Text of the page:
Saturday, January 10, 2009


Drew R. McCoy's The Last of the Fathers includes a superb meditation on James Madison and slavery. It blinks none of the shortcomings, contradictions and absurdities in Madison's words and deeds concerning the subject, while at the same time allowing the reader to understand and appreciate why and how a man so essentially good and decent as Madison could find himself trapped and impotent to deal with what appeared to be an intractable problem.

Among other things, the chapter -- appropriately titled "Despair" -- discusses at length how such a person could come to embrace so patently absurd a solution as colonization -- and, indeed, to cling desperately to it despite the overwhelming evidence of its unworkability.

Professor McCoy again presents Harriet Martineau as an unusually acute observer of Madison and the dilemma that he and his country faced:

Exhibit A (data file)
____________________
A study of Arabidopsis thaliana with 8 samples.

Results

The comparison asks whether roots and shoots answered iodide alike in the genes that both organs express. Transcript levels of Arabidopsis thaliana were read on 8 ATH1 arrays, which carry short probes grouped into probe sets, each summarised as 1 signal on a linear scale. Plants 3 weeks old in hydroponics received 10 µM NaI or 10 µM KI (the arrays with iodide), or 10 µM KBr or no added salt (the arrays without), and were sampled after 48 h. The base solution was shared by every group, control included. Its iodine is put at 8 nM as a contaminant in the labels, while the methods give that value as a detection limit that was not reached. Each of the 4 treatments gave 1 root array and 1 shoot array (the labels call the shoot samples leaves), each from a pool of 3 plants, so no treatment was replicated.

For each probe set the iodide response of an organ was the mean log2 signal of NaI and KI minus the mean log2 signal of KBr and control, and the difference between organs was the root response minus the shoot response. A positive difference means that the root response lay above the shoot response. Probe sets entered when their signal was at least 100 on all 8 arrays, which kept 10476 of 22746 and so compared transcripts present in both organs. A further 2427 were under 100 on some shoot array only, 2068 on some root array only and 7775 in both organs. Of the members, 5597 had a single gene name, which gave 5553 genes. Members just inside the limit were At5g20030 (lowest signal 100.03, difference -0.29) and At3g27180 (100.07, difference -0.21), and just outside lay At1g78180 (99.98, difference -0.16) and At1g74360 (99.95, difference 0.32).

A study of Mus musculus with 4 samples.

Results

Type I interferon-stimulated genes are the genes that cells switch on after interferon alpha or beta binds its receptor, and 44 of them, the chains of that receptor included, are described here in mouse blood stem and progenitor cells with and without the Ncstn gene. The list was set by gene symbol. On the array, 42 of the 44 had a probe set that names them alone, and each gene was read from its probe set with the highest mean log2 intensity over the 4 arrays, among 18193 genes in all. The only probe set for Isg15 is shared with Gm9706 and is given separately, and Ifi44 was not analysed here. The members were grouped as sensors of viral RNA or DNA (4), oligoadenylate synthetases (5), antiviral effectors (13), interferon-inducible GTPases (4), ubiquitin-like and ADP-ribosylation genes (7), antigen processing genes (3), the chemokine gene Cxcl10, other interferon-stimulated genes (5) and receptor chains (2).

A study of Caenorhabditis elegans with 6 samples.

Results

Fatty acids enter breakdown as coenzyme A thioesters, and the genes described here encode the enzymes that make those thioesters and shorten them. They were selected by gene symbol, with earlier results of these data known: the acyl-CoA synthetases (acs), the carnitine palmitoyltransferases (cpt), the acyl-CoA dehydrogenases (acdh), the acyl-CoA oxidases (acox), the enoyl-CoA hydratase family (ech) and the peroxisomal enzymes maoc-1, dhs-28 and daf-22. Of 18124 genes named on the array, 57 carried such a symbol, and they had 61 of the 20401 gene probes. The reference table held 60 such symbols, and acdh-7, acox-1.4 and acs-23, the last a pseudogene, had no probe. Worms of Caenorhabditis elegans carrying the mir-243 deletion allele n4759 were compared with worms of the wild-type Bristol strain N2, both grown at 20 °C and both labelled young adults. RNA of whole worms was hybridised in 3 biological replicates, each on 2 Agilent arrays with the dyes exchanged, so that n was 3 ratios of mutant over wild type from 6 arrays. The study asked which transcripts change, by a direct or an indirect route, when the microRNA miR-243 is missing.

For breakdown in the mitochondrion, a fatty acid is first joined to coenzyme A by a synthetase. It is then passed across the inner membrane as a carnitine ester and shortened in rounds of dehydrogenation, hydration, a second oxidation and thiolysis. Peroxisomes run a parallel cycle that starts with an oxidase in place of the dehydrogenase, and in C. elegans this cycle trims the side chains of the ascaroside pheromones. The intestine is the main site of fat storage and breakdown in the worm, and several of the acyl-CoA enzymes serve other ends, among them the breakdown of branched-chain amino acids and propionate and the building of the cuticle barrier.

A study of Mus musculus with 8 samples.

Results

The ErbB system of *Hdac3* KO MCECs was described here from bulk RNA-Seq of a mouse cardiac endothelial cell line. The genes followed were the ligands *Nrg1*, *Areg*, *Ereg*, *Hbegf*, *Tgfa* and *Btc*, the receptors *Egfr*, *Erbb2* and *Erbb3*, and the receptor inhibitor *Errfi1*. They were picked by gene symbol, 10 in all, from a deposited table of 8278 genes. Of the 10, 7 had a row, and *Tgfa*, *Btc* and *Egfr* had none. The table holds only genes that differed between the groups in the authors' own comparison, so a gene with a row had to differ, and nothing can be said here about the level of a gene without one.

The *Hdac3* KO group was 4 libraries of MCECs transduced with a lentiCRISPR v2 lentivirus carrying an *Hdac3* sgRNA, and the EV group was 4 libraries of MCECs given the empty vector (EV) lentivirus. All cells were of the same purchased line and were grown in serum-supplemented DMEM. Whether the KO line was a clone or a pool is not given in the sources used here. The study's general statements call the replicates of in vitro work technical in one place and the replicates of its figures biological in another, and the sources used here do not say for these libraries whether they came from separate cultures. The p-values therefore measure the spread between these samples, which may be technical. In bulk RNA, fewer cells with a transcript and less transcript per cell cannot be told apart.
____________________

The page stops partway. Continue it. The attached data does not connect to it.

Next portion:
Thirty years later, during the American Civil War, an elderly Harriet Martineau had occasion to reflect once again on her pilgrimage to Montpelier in the winter of 1835. She remembered that despair had not come easy to a man of such "cheerful and sanguine temper" as Madison. Yet slavery had in fact pushed him to the very brink of despair, and by his own admission only the Colonization Society now stood between him and the loss of all hope. "Rather than admit to himself that the South must be laid waste by a servile war, or the whole country by a civil war," Martineau observed to her readers in 1862, "he strove to believe that millions of negroes could be carried to Africa, and so got rid of." It was hardly necessary, she added, to comment on "the weakness of such a hope."


Now, in 1862, as the killing went on, Martineau well remembered her own feelings on that pleasant winter day almost thirty years before. "It was as painful as it was strange," she recalled, "to listen to the cheerful old man, as he proved that there was no chance for his country, except from a scheme which he, as its President, found unmanageable."